How Much Space You Should Set Aside For A Toilet In Your Bathroom

When planning for a new space or renovating an existing one, there are certain rules to follow when designing a bathroom, including ensuring you have the proper clearances around each plumbing fixture to maximize functionality. When it comes to the toilet, giving yourself enough width and depth around the fixture to allow proper access and pass plumbing inspections is essential. The minimum space you should set aside for a toilet to be installed is 30 inches wide overall and at least 21 inches of depth in front of the toilet bowl — though the more space, the better.

Local building codes will dictate the absolute minimums for clearances that will pass inspection, but those are often not the most functional dimensions. The smallest powder room you can squeeze into a home while maintaining proper clearance is a linear design of about three by five feet, allowing for a shallow sink at one end and a toilet at the other with a door in the middle that swings out or is pocket style. However, when space permits you to add a few inches to the minimum toilet clearances, your added comfort and functionality will be worth it in the long run.

Minimum and recommended toilet clearances

When measuring for your width clearances on each side of the toilet, all numbers will be based on an "on center" measurement, which can be found by drawing a line down the middle of your fixture (also the center of the drain) and using that center point as your start. Fifteen inches is the minimum distance required from that center point to a wall or cabinet, meaning the toilet needs a total minimum of 30 inches wide to be installed. However, especially in the case of an enclosed toilet room with walls on both sides, 18 inches on center or 36 inches wide overall is recommended to give proper room to maneuver.

When it comes to the depth of the toilet, plan for a minimum of 21 inches from the very front of the toilet bowl to a wall, cabinet, tub, etc. This is very tight, however, so it is recommended to aim for 24 to 30 inches whenever possible to allow for proper knee and maneuver room. If there is another plumbing fixture directly in front of the toilet, such as a glass shower, or where a door opens into a small bathroom, you will want to take door swings into account and plan additional clearance space as needed to avoid collision.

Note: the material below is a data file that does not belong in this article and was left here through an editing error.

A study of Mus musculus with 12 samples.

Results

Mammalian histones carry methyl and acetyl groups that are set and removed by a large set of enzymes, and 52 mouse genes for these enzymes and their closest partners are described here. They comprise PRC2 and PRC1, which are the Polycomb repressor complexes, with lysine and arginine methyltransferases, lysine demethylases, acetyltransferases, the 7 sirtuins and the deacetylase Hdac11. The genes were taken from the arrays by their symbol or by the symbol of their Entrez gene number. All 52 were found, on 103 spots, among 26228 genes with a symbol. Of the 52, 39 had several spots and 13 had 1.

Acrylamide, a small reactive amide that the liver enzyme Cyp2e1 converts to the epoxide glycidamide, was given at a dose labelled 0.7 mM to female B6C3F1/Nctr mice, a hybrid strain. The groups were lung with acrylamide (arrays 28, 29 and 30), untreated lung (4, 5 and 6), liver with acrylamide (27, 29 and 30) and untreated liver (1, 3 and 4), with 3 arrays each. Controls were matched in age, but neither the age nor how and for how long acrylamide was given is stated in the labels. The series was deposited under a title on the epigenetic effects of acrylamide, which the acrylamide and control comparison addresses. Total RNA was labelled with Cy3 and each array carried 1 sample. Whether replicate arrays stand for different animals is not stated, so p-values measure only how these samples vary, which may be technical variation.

Other toilet space planning considerations

A standard toilet drain is typically 12 inches on center away from the back wall. However, this measurement, called a rough-in, can vary for non-standard situations or in older homes, sometimes requiring 10 or 14 inches on center. You can also measure from the back wall to the center of the existing toilet's floor bolts if you're planning for a replacement. For a new bathroom, the standard 12-inch rough-in measurement will typically be used and will dictate where the toilet will be mounted.

Additionally, there are two types of toilet bowl shapes, rounded and elongated. The former has a shorter depth from the wall, and the latter extends out further for comfort. The shape of the toilet you plan to use will determine how much overall depth it will require. Therefore, if you are short on space, consider opting for a rounded bowl to save a few inches.

Finally, special accommodations should be made to these measurements if you are planning an accessible bathroom space. For commercial spaces, a 60-inch circle of clearance is required for maneuverability in a bathroom space. While you may not require this full clearance at home unless you need wheelchair accessibility, you may want to consider padding the recommended measurements. Use tips to improve your toilet's accessibility to create a more universally designed bathroom, such as in an aging-in-place scenario.